New York Status: Threatened
Federal Status: Not Listed
The least bittern is the smallest member of the Ardeidae (heron) family in North America at just 13 inches in length, a wingspan of 17 inches, and an average weight of just three ounces. What the least bittern lacks in size it makes up for in appearance. It is a striking and colorful bird with yellow eyes and a thin yellow bill placed atop a long, chestnut and buff-striped throat. The slightly-crested crown, nape, back, and tail are blackish-green and the neck, sides, and undersides are chestnut and white. The wings are black, chestnut, and buff which when folded against the body appear as light-colored streaks along the back.
In New York, they are most vocal in late May and early June and this is also the best time to catch a glimpse of this extremely secretive bird. The male advertising call is a soft coo-coo-coo; males and females give a harsh contact call to their mate, gack-gack, from the nest; an ank-ank call may be given when the species is flushed from the marsh.
Least bitterns initiate nesting in New York in late May to early June. In prime marsh habitat, least bitterns may nest in small groups of up to 15 pairs per hectare (≈ 2.5 acres). Nests are usually constructed of cattail leaves and situated over the water in dense, tall stands of the emergent vegetation. The average clutch size is five eggs and the species has been documented to lay up to two clutches in one season. Least bittern chicks leave the nest at five to nine days old and fly when they are approximately one month old.
Least bitterns feed primarily on small fish, such as minnows, sunfish and perch. Additionally, they rely upon insects (such as dragonflies and beetles), snakes, frogs, tadpoles, salamanders, crayfish and some small mammals. Least bitterns find their prey by stalking through the base of dense vegetation or clinging to the vegetation with their long toes and claws, while extend their long necks down to the edge of a small pool of open water. This technique allows them to forage in deeper water than their small size would normally allow from the ground. In areas where prey is abundant, least bitterns may construct a "foraging platform" consisting of bent reeds and cattails to support their weight.
Distribution and Habitat
The least bittern range extends from southeastern Canada south through the U.S. and east to the Atlantic Coast, but they are absent along the entire Appalachian Mountain range. In the western U.S., populations are found in the Central Valley and Modoc Plateau of California, Klamath and Malheur Basins in Oregon, and along the Colorado River in southwestern Arizona and southeastern California. Small, discontinuous populations exist from Mexico to Costa Rica and the Caribbean with subspecies extending well into South America.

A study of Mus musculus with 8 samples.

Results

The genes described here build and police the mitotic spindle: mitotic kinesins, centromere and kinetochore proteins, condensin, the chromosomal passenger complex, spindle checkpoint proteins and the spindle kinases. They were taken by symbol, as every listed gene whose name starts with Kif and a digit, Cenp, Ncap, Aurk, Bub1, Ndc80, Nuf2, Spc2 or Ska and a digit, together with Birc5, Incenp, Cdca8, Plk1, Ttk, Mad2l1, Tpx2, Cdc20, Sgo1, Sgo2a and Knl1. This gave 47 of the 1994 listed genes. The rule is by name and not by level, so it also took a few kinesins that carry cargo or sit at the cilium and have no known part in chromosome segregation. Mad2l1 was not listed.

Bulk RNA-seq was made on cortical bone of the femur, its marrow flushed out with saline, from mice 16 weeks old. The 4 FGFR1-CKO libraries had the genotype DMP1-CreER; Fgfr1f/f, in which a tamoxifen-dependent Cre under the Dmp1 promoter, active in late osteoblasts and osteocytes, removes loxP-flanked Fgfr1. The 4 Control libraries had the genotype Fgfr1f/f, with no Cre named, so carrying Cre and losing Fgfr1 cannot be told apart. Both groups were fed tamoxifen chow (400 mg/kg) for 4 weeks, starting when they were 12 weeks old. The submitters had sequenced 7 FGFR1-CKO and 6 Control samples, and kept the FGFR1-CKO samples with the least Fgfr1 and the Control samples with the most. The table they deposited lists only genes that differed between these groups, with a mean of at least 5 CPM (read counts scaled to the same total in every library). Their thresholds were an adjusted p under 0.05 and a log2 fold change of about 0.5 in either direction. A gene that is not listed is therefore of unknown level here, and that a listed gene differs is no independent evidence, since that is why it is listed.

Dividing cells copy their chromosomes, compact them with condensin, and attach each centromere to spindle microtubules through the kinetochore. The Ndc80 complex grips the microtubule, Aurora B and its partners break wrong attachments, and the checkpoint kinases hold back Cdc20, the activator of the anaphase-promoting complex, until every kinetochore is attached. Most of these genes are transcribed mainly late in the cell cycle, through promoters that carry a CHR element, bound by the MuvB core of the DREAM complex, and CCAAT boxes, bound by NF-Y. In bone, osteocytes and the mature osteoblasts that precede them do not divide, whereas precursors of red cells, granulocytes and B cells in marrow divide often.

Least bitterns occur in freshwater and brackish marshes with tall, dense emergent vegetation such as cattails, sedges, and rushes that are interspersed with clumps of woody shrubs and open water. In New York, least bitterns thrive in the large, expansive cattail marshes associated with the Great Lakes, the Finger Lakes, Lake Champlain, and the St. Lawrence and Hudson River Valleys.
The U.S. Fish and Wildlife Service consider the least bittern to be a "Bird of Conservation Concern" (USFWS 2008) and it is a Threatened species in New York State. Regional declines have been detected over the last 10 years on survey routes across the Great Lakes basin. In New York, declines in the Hudson River have been documented over the last 20 years except at certain sites where management of invasive plants, such as common reed (Phragmites) and purple loosestrife, has occurred.
Population trends are difficult to determine because of the secretive nature of least bitterns. They are often missed on large-scale roadside surveys, like the Breeding Bird Survey. A national effort is underway to survey secretive marsh bird species, including least bittern, with a goal to estimate the population status and long term trends.
Management and Research Needs
Monitoring suitable habitat for changes in least bittern occupancy will facilitate a better understanding of their population trends. In addition, maintaining prime habitat through invasive species management and water level manipulation is necessary to prevent further local population declines. Restoration of degraded habitats may support an increase in local populations. Identification, protection, and management of major migratory stopover points and management of wintering grounds are also necessary to prevent further population declines.